I have recently been exploring a Homo Hypocritus (man the sly rule bender) view of human nature, that humans have hugemongous brains in order to conspire to evade social norms. I’ve also known and respected Robert Kurzban for far longer, and so was excited to see his new book, Why Everyone (Else) Is a Hypocrite: Evolution and the Modular Mind. Alas, while he has lots of thoughtful insight to offer along the way (the book is worth reading), Kurzban’s main thesis seems to be that humans are accidental hypocrites, since pretty much any evolved creatures with social norms would be hypocrites, because it is just too hard to be fully consistent:
The key to understanding our behavioral inconsistencies lies in understanding the mind’s design. The human mind consists of many specialized units designed by the process of evolution by natural selection. While these modules sometimes work together seamlessly, they don’t always, resulting in impossibly contradictory beliefs, vacillations between patience and impulsiveness, violations of our supposed moral principles, and overinflated views of ourselves. (more)
Since we have different modules to criticize the behavior of others and to choose our own actions, Kurzban says, we shouldn’t expect such modules to be coordinated, and so we just happen sometimes to be accidentally hypocritical.
The modules that cause behavior are different from the ones that cause people to voice agreement with moral rules. Because condemnation and conscience are caused by different modules, it is no wonder that speech and action often conflict. Taken together, these ideas make it clear that the modular design of the human mind guarantees hypocrisy. (p.205)
Nothing to see here, move along.
But our mind parts do coordinate a great deal, to a remarkable degree. Yes we shouldn’t expect perfect coordination, but our minds seem evolved in great intricate detail to manage the coordination between the norms we espouse and the actions we perform. In fact, I expect we have a great many mental modules devoted to exactly such functions.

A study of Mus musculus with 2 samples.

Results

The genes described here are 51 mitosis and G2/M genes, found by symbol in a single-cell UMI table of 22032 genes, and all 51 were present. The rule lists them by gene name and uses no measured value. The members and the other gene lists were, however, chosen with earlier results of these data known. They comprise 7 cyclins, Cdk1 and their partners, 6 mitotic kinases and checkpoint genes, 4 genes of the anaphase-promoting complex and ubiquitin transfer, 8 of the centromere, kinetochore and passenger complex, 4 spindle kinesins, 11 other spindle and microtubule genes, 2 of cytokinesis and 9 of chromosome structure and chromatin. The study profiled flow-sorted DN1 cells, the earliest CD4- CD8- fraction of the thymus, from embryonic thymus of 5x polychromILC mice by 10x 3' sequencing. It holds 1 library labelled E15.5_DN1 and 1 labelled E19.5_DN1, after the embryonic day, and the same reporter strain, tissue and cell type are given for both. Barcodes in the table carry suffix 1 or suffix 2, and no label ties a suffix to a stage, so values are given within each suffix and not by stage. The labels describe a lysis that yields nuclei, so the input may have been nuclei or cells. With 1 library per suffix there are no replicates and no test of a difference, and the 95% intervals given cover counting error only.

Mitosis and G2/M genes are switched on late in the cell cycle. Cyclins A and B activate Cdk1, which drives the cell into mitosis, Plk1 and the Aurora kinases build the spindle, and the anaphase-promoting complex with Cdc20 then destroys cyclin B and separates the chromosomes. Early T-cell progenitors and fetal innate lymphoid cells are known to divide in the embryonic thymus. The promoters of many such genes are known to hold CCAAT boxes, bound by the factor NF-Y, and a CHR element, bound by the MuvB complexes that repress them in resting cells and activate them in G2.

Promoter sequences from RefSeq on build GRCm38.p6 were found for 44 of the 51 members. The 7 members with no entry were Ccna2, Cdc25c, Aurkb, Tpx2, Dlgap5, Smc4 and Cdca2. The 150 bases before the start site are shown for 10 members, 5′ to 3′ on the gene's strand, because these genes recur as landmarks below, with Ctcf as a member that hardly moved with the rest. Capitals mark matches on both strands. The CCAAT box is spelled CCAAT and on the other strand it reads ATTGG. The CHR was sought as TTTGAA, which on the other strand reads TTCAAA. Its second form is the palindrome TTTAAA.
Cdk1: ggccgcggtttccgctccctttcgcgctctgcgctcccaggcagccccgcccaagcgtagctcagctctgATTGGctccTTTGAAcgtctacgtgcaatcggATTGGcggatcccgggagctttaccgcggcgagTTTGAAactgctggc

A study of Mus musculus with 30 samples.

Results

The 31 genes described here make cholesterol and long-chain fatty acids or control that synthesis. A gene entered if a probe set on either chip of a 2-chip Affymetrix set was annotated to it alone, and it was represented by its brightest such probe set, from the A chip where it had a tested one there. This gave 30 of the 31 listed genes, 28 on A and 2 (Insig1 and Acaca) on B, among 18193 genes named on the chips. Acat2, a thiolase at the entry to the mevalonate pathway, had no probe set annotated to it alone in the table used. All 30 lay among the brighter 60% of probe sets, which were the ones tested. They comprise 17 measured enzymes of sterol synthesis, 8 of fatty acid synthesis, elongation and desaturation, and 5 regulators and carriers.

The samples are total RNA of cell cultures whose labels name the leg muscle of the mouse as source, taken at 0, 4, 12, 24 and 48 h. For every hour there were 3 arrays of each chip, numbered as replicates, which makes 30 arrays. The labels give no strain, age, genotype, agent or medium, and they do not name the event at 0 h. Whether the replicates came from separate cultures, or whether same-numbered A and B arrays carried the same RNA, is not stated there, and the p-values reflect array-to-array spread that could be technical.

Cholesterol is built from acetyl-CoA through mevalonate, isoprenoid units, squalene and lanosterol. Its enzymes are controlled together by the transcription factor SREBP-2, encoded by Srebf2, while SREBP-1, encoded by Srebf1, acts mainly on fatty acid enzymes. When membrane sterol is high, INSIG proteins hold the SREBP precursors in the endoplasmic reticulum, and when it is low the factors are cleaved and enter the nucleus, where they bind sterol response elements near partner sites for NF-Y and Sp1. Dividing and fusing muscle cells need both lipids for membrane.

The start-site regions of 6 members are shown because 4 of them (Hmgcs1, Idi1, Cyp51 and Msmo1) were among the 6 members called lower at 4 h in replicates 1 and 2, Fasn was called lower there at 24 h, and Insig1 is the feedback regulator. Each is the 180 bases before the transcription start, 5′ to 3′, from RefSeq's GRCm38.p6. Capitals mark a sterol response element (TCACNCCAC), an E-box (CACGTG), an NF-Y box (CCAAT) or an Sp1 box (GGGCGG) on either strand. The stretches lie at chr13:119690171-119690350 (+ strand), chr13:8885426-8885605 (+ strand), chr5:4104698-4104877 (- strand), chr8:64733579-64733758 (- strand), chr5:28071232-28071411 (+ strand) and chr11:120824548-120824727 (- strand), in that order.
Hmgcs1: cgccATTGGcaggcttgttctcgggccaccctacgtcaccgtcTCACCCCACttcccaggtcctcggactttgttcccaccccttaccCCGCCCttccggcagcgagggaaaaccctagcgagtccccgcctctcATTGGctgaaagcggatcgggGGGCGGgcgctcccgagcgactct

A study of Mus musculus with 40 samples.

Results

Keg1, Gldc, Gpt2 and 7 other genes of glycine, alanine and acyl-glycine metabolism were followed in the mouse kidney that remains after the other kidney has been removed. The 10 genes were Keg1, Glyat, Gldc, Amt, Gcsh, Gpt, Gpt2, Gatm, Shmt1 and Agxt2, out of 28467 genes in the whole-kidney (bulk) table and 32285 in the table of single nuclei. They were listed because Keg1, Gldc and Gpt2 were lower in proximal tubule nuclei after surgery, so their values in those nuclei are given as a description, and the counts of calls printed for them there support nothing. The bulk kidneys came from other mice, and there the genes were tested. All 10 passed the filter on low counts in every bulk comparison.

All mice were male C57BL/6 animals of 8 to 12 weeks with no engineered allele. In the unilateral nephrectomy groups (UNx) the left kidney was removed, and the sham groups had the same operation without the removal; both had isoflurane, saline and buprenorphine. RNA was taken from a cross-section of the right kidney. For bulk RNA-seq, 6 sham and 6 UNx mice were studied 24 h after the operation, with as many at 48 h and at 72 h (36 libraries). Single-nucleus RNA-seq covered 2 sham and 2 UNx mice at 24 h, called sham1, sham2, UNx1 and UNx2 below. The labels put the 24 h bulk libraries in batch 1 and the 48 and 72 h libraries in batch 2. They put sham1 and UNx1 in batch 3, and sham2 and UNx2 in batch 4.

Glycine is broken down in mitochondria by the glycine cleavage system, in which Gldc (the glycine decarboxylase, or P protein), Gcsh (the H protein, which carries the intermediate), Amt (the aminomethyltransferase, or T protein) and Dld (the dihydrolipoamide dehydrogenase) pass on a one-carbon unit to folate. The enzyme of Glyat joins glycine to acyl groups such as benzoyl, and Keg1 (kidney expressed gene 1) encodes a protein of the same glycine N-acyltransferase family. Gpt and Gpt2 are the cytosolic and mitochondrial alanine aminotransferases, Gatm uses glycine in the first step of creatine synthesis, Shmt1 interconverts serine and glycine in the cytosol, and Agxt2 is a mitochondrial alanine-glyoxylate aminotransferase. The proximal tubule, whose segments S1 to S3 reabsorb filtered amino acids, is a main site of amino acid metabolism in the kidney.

If selection pressures had favored it, we could have evolved to match our norms and actions to a high degree of precision. So I think that our actual lower degree of matching is because most of our norm-act mismatches are functional. We are really quite (unconsciously) careful to monitor when our norm violations would be noticed and get us into trouble, versus when we have a good chance of getting away with them. We even coordinate carefully with our associates to arrange circumstances to be conducive to such violation. If this is true, most of our norm violations aren’t even remotely accidental.
Now Kurzban does admit that some hypocrisy is designed and functional. But he doesn’t think this is due to coordination; he thinks it mainly comes from a few hypocrisy modules:
The press secretary module might be designed to contain certain kinds of information that are useful for certain purposes, even if other modules have information that not only conflicts with this information, but is also more likely to be accurate. (p.86)
Some parts of the mind – some modules – are designed for functions other than being right because of certain strategic advantages. These modules produce propaganda, and, like the more traditional political propaganda, the information isn’t always exactly right. (p.130)
In contrast, I think a large fraction of the human mind was designed together to facilitate the coordination of diverse behavior to achieve effective hypocrisy.
As Kurzban wrote a whole book to defend his point of view, we might wonder what are his arguments against this opposing point of view. But alas, he offers no arguments. He doesn’t even acknowledge that there is another view. He simply takes the tone that anyone who disagrees with him must not understand that brains are made of modules, and so he should explain that point one more time, with yet another cute anecdote.
I have been collecting and present evidence for my view here at this blog, and I’ll continue to do so. The more detailed and sophisticated seem our capacities for subtle self-benefiting hypocrisy, the less plausible becomes the view that hypocrisy is mostly accidental, or the result of a few small hypocrisy modules.